I took my own advice, sort of. After making a total of 450 3-inch four-patches, I decided to put them aside and finish the last two blocks of the Southern Stars quilt. I was so close to getting the next to the last block finished Monday morning in time to post at Judy's blog, but had sewn two of the half square triangles in backwards! I hate unsewing. I took the block to work with me and unsewed during my lunch hour.
And here's the very last block, ready to be put together. Then it's on to the sashing.
Anyone watching the royal wedding Friday? We plan to get up early to watch and make "wedding waffles" for breakfast.
Oh, I forgot to mention that the fabric on the ironing board is for the border of the quilt.
Wednesday, April 27, 2011
Sunday, April 24, 2011
What was Easter like when you were a child? I remember every woman and girl always had a new Easter dress, and usually hat, shoes and purse to go with it. I remember the excitement of hunting the Easter eggs first thing in the morning. If it was raining, the Easter Bunny hid them in the living room. My Easter "basket" was usually a new sand pail, for playing in my sandbox, one of my favorite activities. I would love to have one or two of those pails now! I think I need to check out eBay and see if I can find any.
Then came Sunday School, where we'd do a crafty gift for our parents like a new Bible bookmark, or something. My mom's Bible was stuffed with those bookmarks - typically a length of satin ribbon with a sticker at the top. Then home to family and a feast. My grandmother would bring me a shoebox full of flower transplants from her flower beds. To this day, the smell of stock takes me instantly to my grandmother's side.
My mom was born in 1915, and her childhood Easter egg experience was a bit different than the standard egg hunt. On the day before Easter each child (with my grandmother watching closely so she could "direct" the Easter Bunny later) found a secluded spot near the house and built a "nest" with leaves, twigs, grass, etc. Then on Easter morning they would go to their nests and find the colored eggs left by the Easter Bunny in the nest. Seems like this would confuse little ones - did the bunny lay the eggs? Did he bring a hen friend along? Oh well, these were country kids, they probably knew exactly where eggs came from from an early age.
Being a clergy family, my husband has always been out the door by 6 a.m. on Sunday (or earlier) for the sunrise service at church. We had to be creative if he was going to experience the fun of watching our daughter hunt Easter eggs. For the first couple of years we had Grace convinced that the Easter Bunny came to our house on Saturday evening (he has to start somewhere, right?). We'd also have our big meal then. If you don't know, Easter, and all of Holy Week, are exhausting for church staff. Joyful and emotional and stressful, but most of all exhausting.
When she was in about the 2nd grade, we were getting her Easter basket ready for the next day when Grace wrote a note for the Easter Bunny. At the end of the note she drew an "x" and line and wrote, "Sign here if you are real." So after she went to bed I sort of messily signed "Hippity" with my left hand. When she woke up the next morning she looked at the note and said, "Just what I thought, Dad's handwriting."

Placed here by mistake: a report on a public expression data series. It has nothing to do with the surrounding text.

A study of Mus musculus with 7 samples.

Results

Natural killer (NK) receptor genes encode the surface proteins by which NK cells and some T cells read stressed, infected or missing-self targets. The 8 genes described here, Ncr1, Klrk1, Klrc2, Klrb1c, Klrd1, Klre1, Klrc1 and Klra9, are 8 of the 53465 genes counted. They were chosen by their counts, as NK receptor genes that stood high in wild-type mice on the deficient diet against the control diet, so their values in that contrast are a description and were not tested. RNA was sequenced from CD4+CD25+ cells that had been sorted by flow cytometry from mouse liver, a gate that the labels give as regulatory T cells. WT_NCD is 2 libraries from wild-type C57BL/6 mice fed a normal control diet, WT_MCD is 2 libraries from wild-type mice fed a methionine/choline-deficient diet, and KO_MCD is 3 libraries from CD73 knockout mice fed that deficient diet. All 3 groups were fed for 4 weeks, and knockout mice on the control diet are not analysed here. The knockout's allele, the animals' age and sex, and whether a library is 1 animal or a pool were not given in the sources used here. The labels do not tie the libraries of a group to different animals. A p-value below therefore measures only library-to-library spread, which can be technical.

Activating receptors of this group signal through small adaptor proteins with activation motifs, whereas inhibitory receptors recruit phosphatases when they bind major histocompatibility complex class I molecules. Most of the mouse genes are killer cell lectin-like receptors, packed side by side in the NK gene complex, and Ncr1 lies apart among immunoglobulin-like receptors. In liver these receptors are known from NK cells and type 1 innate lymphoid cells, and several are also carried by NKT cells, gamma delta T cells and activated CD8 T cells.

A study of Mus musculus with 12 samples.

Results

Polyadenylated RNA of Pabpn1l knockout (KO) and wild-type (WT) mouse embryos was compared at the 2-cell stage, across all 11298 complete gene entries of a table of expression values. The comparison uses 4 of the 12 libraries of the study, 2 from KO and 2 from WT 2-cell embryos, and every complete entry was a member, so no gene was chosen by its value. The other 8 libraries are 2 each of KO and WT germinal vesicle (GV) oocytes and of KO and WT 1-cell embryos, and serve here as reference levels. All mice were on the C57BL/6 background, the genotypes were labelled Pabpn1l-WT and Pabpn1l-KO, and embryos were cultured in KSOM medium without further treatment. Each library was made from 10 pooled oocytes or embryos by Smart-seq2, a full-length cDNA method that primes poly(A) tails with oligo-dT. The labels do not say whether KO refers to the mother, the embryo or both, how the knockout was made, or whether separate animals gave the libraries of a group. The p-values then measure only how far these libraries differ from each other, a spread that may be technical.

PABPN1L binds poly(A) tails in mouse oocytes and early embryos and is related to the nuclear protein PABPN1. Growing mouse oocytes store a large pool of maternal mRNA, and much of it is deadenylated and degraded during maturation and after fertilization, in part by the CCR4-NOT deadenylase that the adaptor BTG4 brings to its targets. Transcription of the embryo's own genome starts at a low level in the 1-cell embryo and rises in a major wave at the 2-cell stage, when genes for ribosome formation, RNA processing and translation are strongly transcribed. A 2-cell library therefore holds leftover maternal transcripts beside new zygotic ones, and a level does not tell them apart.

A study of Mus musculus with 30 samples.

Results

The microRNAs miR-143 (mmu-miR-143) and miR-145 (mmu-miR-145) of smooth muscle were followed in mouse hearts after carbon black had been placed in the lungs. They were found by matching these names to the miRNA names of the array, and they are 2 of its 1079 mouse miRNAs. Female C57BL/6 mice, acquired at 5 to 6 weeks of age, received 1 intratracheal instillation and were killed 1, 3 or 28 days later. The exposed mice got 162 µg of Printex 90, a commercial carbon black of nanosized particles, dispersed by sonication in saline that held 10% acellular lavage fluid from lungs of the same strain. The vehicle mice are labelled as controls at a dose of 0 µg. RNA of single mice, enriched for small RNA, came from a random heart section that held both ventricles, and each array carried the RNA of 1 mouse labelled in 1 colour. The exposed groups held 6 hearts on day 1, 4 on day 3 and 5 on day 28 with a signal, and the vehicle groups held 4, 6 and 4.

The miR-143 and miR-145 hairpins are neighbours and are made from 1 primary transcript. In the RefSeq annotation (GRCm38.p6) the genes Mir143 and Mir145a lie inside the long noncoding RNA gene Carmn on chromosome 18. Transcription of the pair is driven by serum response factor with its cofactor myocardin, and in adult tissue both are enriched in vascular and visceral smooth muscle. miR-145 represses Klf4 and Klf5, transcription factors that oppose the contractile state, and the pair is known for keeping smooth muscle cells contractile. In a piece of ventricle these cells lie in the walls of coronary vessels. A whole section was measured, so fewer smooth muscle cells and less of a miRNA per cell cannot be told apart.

Hope you have a wonderful Easter Sunday, confident of God's sacrifice for you.
Monday, April 18, 2011
Hello again! I can't believe I've gone so long without posting. Life is just so daily, as Mary Engelbreit says! I'm hoping to get back into the swing of things. Nothing major happened in these last few months. Work has been tough, but it always is. We're dealing with the same budget cuts every one else is. But as my boss (the college president) says, we can't control what the economy and the state government are doing, we can only control how we react to our circumstances. And one of my best ways to deal with stress is to sew!! (The others are pray and cook!)
And on that note, here is my design wall today. There are 10 blocks of Southern Stars by Pacific Patchwork and a bunch of double four-patches in a setting I love from a book called Triangle-Free Quilts by Judy Hopkins. Las Colchas did the Southern Stars as a bom a couple of years ago. (Hi Francine!). I started making the double four-patches a couple of weeks ago when I had a bunch of leftover 1 1/2 inch brown and beige blocks and strip sets from my sister's choice quilt. I needed a fairly mindless activity to occupy my hands and free my brain from too much junk, so I just kept making and making and making 3-inch four-patches. I thought I'd use up all my brown and beige fabric, then hunt for a block that incorporated the four patches and then I remembered the Judy Hopkins quilt. I did buy some new fabric for the bigger squares in the four patches. My small four patches are so incredibly scrappy I wanted some consistency in the large ones.
Please don't point out that in much less than the time it took to make the 200 3-inch four-patches I've made so far I could easily have made the other two Southern Stars blocks and put them together and had a finished top to show for it! That makes way too much sense!
Two great things that are happening this week: it's Sylvester's day to clean my house today (he comes every other Monday) and it's our second four-day work week in a row! So today is really my Tuesday! And I'm really busy at work, so time will fly by.
Time for Bible study/devotion with my pastor spouse. We try for every morning over coffee. It doesn't always work out, but most of the time it does.